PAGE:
Cross-country flying stories from Bill Cox offer fantastic insight into what pilots face on long distance flights. Dig into our X-Country Log today.

Tuesday, February 22, 2011

Flight Recorder For The Little Guy


A partial solution to the flight-recorder problem that doesn’t cost a fortune



Flight Recorder For The Little GuyI like to think pilots read accident reports out of a sense of self-preservation rather than ghoulish curiosity.
Tuesday, January 25, 2011

SpaceShipTwo Takes Off


In as little as two years, private space flight may be a reality—and NASA won’t be



SpaceShipTwo Takes OffI don’t know about you, but for me, flying in space has always been the ultimate goal.
Tuesday, December 7, 2010

The Evolution Of Navigation


Flying from A to Z is no longer as simple as it used to be. It’s simpler.



The Evolution Of NavigationFor better or worse, I learned to fly in the days when there were still A-N ranges up and running, not many, but a few.
Tuesday, October 19, 2010

For The Birds


Birds have more to teach us than we could ever learn



For The BirdsI’ve been an accidental student of ornithology for as long as I’ve been alive—and that’s a long time.
Tuesday, September 21, 2010

Artificial Speed


Believe it or not, there are some easy, inexpensive ways to fly faster



Artificial SpeedIt’s probably the most common question I hear at air shows and conventions such as Sun ’n Fun, AirVenture, AOPA, NBAA and Reno.
Tuesday, August 24, 2010

Memories Of The Swift


My first airplane was a Swift—and I survived



Memories Of The SwiftOkay, right up front, in an attempt to stop short any angry letters from Swift owners, I loved my little Swift.
Tuesday, July 20, 2010

Redline!


Vne doesn’t necessarily mean what you think it means



Redline!I was flying home to California from Florida in my Mooney Executive a few years ago following what amounted to a medium makeover of the airplane’s aerodynamic drag signature.
Tuesday, June 22, 2010

Zen & The Art Of Airplane Flying


Airplanes and motorcycles may be more alike than you think



Zen & The Art Of Airplane FlyingI’m one of those apparently strange folks who believe that flying is an easy skill to learn. No, that’s not because I do it so well.
Tuesday, May 25, 2010

Memories Of Alaska


The Far North is one of the most popular vacation destinations for pilots



Memories Of AlaskaOnce or twice each summer, I slip into the right seat of an airplane and help a pilot fly to an exotic destination, most often across the Atlantic from North America to Europe.
Tuesday, April 20, 2010

Stamp Out CFIT


Truth is, not everybody learns from their mistakes



Stamp Out CFITIt was mid-1977, and I had been assigned a story on the first production model of a new twin.
Tuesday, March 23, 2010

What’s Up With WAAS?


WAAS is the third generation of GPS, and it makes all the difference



What’s Up With WAAS?I was fortunate to discover GPS early on. I was on my way to the 1991 Paris Air Show in the one and only prototype Swearingen SJ30 business jet, and had stopped for fuel in Greenland.
Tuesday, February 23, 2010

To Korea, With Luck


Four legs, 52 flight hours in one of the world’s most comfortable—and slowest—turboprops



To Korea, With LuckMy buddy Jeff Kopps of the National Weather Service in Monterey, Calif., had predicted headwinds out of Santa Barbara, and as usual, he was right.
Tuesday, January 26, 2010

When Slower Is Better


The whole point of most airplanes is speed—except during landings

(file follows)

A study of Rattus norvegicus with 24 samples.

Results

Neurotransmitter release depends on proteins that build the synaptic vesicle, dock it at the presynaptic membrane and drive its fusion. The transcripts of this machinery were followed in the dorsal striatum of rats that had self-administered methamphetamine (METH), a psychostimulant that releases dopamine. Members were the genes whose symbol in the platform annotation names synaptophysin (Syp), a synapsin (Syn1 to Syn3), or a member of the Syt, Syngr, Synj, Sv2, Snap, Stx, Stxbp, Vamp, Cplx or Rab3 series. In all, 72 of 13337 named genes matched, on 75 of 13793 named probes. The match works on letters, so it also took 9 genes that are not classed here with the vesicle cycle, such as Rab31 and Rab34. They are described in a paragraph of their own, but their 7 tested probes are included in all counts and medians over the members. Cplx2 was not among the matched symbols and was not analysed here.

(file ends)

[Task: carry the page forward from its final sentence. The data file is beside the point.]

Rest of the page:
When Slower Is BetterContrary to sometimes misinformed opinion, a Mooney is one of the easier airplanes to land.
Tuesday, December 1, 2009

Caravan To Seoul—The Prequel


Here’s what happens before you fly the ocean



Caravan To Seoul—The PrequelIf you saw Jurassic Park, then you may remember the scene where Jeff Goldblum describes chaos theory as a mathematical discipline where the results of any given problem are never totally predictable, no matter how carefully conditions are controlled.
Tuesday, October 20, 2009

The Paranoia Of Landings


Landings aren’t the most important thing, they’re the only thing—not



The Paranoia Of LandingsI had been hired to fly a Cessna 340 from Torrance, Calif., to Glasgow, U.K., on an Atlantic tour with the owner in the right seat. The first four days of the trip had gone well. We had departed Torrance, stopped in Denver and made it to Ohio the first day, then managed to have lunch in Bangor and fly on to Goose Bay the second day.
Tuesday, September 22, 2009

Pilots N Paws


Here’s a way for pilots to help save the lives of some of our best friends



Pilots N PawsLike many of you, I’ve owned dogs for as long as I can remember, probably longer.
Tuesday, August 25, 2009

Ferry Flying As A Career?


It’s not the glamorous life everyone thinks it is



Ferry Flying As A Career?I receive more e-mail and snail mail from readers about ferry flying than on all other subjects combined.
Tuesday, July 28, 2009

From Hero To Bum—Almost


You can learn from your mistakes…if you can just survive them



From Hero To Bum—AlmostIt was January 1989, and I had just delivered a new Grand Caravan to Comair in Johannesburg, South Africa.
Tuesday, July 7, 2009

Dodging The Tornados


“Oh, by the way, could you drive a new T182 back from Lakeland, Fla., to Long Beach, Calif.?”



Dodging The TornadosThere are worse jobs in aviation. It was during the last two days of Sun ’n Fun 2009 that I got the call from Tom Jacobson of Tom’s Aircraft in Long Beach.
Tuesday, May 26, 2009

Singapore By Bonanza


Flying a Bonanza to Singapore offers an education in “managing” thunderstorms



x-countryHe was a regular reader of this space and he called a while back wondering if I’d be interested in ferrying his pristine A36TC Bonanza from El Monte, Calif., to Singapore. Gee, lemme think about that for 30 seconds.